Independence Day: Resurgence (2016)
Today may be Halloween, but for a lot of us, the holiday is already over. Today is just October 31, the day we pay bills and dread the final week of this nightmarish election. That’s because everyone already had a chance for fun last Friday, Saturday, and Sunday. They showed off topical costumes, got drunk on weird seasonal mixed drinks, got hung over, got over it, and finally got ready for work again. And now they’re in the office, and Becky from HR is wearing cat face paint and wants everyone in the conference room for orange cupcakes. Ugh, damnit Becky, don’t you understand people just want to work? To move on? Trying to recapture the magic of last weekend in this shitty corporate reality? It just will never work. It’s too late. Just because that Jurassic Park party was an incredible success doesn’t make this OK.
How appropriate to end my Shocktober with yet another overrated entry from Netflix. Again, there are admirable qualities to Mike Flanagan’s Hush, released exclusively to Netflix last March, but its still just your run of the mill slasher. Don’t let the low body count fool you, this is another by the numbers stab-a-thon.
Maddie Young (Kate Siegel) is an author living alone in the deep woods. She lives a relatively happy life with one inconvenience… she’s deaf. Which means she isn’t going to hear the strange man in an expressionless mask creeping around her home. She can’t even hear her own screams!
It’s not a bad setup and they do have fun with it in the beginning. Maddie doesn’t hear her neighbors being horribly murdererd, nor is she ever aware a killer is creeping up on her, but she has advantages too. Maddie can set ear-shattering alarms to distract and abuse the killer and has the potential to outsmart him. The film without a doubt has inspired moments.
The problem with Hush is it reaches a certain point where it feels like many other forgettable slasher films before it. There’s only so much you can do with the premise, eventually, it will just boil down to a primal struggle between the two. The slasher genre is becoming harder and harder to reignite. If it was ever that good to begin with.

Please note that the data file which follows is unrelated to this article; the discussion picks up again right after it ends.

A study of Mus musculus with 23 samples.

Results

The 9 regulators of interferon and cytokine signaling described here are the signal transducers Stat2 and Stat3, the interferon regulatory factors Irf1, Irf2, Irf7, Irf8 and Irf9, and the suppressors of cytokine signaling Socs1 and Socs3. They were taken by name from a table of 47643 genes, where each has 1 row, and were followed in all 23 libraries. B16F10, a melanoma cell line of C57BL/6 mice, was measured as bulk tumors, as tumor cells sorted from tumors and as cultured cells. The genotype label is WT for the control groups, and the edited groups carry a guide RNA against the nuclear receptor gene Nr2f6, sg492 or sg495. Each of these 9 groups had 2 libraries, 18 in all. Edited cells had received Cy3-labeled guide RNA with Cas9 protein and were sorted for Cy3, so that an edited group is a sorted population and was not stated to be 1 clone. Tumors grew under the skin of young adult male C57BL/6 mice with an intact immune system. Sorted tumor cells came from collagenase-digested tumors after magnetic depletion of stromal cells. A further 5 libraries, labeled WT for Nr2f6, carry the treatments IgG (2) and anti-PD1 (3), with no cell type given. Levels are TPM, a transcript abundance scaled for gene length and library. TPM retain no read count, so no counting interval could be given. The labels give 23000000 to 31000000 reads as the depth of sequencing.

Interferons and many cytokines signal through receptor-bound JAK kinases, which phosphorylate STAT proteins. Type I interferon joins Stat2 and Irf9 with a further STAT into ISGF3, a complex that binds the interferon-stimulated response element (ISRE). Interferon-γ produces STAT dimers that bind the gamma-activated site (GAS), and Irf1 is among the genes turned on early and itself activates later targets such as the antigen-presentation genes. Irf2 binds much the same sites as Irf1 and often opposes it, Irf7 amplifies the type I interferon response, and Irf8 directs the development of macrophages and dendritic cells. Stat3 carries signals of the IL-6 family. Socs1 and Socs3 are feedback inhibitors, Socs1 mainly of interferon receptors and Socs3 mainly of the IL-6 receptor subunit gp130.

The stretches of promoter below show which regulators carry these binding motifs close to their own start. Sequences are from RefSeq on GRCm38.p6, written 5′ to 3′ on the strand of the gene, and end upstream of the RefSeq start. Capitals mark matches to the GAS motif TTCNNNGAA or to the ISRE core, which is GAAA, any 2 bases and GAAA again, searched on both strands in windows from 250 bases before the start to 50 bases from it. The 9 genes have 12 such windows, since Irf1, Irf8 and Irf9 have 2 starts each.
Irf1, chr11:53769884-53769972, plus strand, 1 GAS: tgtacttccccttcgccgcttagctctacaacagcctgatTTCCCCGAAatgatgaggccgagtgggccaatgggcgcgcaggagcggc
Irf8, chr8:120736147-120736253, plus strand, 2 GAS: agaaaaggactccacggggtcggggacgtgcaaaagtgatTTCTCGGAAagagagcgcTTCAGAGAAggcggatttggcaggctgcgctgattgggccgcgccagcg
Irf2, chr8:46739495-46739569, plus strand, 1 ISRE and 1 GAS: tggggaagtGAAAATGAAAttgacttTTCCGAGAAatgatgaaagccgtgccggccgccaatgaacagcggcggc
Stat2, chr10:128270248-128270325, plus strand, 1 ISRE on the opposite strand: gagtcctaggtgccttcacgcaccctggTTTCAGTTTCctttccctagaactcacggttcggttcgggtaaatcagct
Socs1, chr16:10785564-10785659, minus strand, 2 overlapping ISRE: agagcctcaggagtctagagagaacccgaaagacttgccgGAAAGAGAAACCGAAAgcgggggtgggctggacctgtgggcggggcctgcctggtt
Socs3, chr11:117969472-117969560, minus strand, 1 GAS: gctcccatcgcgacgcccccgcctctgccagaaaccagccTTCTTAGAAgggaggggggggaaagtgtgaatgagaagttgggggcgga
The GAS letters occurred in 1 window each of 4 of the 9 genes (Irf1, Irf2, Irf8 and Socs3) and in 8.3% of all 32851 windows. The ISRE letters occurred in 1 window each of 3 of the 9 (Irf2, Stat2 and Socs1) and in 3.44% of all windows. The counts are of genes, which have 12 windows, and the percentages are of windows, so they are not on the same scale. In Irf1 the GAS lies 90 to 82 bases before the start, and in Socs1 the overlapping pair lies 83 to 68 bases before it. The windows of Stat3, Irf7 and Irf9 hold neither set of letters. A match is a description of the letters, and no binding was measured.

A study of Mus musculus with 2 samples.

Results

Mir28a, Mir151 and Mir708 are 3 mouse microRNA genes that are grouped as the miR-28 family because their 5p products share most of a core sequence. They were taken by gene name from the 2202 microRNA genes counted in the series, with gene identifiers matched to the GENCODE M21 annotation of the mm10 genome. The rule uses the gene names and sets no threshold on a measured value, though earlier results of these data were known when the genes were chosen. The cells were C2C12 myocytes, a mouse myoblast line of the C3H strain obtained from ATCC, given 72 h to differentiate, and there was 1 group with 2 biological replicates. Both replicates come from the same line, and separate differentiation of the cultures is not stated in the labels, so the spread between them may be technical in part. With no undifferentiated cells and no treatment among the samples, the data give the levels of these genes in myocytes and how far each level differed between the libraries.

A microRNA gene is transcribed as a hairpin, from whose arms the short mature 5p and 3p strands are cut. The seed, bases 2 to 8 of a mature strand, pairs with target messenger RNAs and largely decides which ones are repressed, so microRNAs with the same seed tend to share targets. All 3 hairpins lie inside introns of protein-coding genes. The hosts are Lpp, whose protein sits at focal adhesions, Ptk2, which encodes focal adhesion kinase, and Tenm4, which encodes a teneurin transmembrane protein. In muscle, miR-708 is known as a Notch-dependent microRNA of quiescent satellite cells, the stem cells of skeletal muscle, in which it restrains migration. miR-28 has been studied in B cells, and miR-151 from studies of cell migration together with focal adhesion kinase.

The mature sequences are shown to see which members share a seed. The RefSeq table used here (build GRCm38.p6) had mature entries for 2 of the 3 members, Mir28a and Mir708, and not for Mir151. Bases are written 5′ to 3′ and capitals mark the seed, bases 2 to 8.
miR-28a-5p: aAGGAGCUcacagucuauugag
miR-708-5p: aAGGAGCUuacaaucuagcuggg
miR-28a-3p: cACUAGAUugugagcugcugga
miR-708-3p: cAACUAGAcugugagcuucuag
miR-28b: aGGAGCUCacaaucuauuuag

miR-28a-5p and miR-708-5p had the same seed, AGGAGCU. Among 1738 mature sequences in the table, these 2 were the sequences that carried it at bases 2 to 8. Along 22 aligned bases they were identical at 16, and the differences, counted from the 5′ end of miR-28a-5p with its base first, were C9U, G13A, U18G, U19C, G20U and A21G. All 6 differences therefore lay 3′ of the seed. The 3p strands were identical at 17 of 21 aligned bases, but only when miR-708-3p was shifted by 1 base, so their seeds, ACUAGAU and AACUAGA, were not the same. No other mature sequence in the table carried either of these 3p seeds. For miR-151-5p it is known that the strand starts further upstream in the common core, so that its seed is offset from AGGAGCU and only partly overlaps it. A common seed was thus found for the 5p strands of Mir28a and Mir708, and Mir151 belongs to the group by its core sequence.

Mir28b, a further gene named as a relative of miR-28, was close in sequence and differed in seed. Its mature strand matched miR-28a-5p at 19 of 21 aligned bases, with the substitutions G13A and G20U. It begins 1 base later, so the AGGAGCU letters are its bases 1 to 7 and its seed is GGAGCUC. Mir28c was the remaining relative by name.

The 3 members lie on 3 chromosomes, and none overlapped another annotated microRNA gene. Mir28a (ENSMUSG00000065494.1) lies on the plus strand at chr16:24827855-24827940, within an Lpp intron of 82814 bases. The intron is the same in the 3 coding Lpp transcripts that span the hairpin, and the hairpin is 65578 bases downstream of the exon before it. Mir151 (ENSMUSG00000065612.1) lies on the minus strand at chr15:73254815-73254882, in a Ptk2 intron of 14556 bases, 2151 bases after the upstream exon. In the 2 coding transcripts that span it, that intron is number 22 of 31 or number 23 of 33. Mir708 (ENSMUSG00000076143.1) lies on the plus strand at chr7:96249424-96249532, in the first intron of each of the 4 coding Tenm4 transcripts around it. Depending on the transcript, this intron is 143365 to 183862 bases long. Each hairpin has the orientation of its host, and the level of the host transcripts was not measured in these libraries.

The idea for Hush barely has the legs for a feature, even an 81-minute feature. I’m not sure what so many others are seeing that I’m not… or hearing? See what I did there? Anyways, it’s still good fo a laugh. Check it out if you want and have a Happy Halloween!
Something Sean has brought up a few times in his reviews is that fact that he hasn’t felt like he’s been reviewing horror movies a lot, and I was kind of expecting to write off The Invitation as one of those cases, as a lot of the film does carry more of a thriller vibe for much of its running time. However, like a lot of horror movies it upends whatever real-world believability it had by the end, as things go way off the deep end into crazytown. And after re-watching Rosemary’s Baby a week ago, I’ve been reminded that a lot of my favorite horror movies often don’t feel like horror movies, as they create a believable world for it’s characters to live in, before inevitably letting the blood hit the fan. Continue reading
This may be the most mildly pleasing month in Mildly Pleased’s history. Out of the 28 movies we’ve reviewed for this Shocktober, only a few have received more than three out of five stars, and only one has received a four-star review. Maybe that says something about Netflix. It has a lot of movies but can’t afford the best, just the average. We Are Still Here is the definition of average.
They Look Like People (2015)
They Look Like People is like a well made student film. It looks good, the acting is good, but you can’t help but feel like every aspect of the story was made to reduce costs. They Look Like People deals with big ideas in small places; apartments, basements, rooftops, but never builds to anything to satisfy those ideas. It’s cheap. Now don’t take that as meaning They Look Like People looks cheap, it has striking images. My problem is those images are never weaved into a satisfying viewing experience.
We come now to my last assignment of Shocktober 2016, The Guest, a film that, in keeping the tradition of what I’ve written about this year, hardly deserves to be called “horror.” Although writing that makes me feel kind of terrible about myself, because the events depicted surely are horrific. But give me some credit guys, I’m not some desensitized monster, it just sounds like the last episode of The Walking Dead was way more grotesque and terrifying than this entire movie.
At the start of his review of The Taking of Deborah Logan, John talked about how versatile the horror genre is, which resonated with me because of all the movies I’ve reviewed this month, The Babadook is the first one I though was actually scary. Maybe that’s because this isn’t the story of guitar guy getting revenge, or a haunted spaceship, or someone who is really skinny, or people hopping the border post-giant alien invasion; it’s a much more relatable tale. This is the story of a haunted pop-up book, and the evil demon that comes along with it.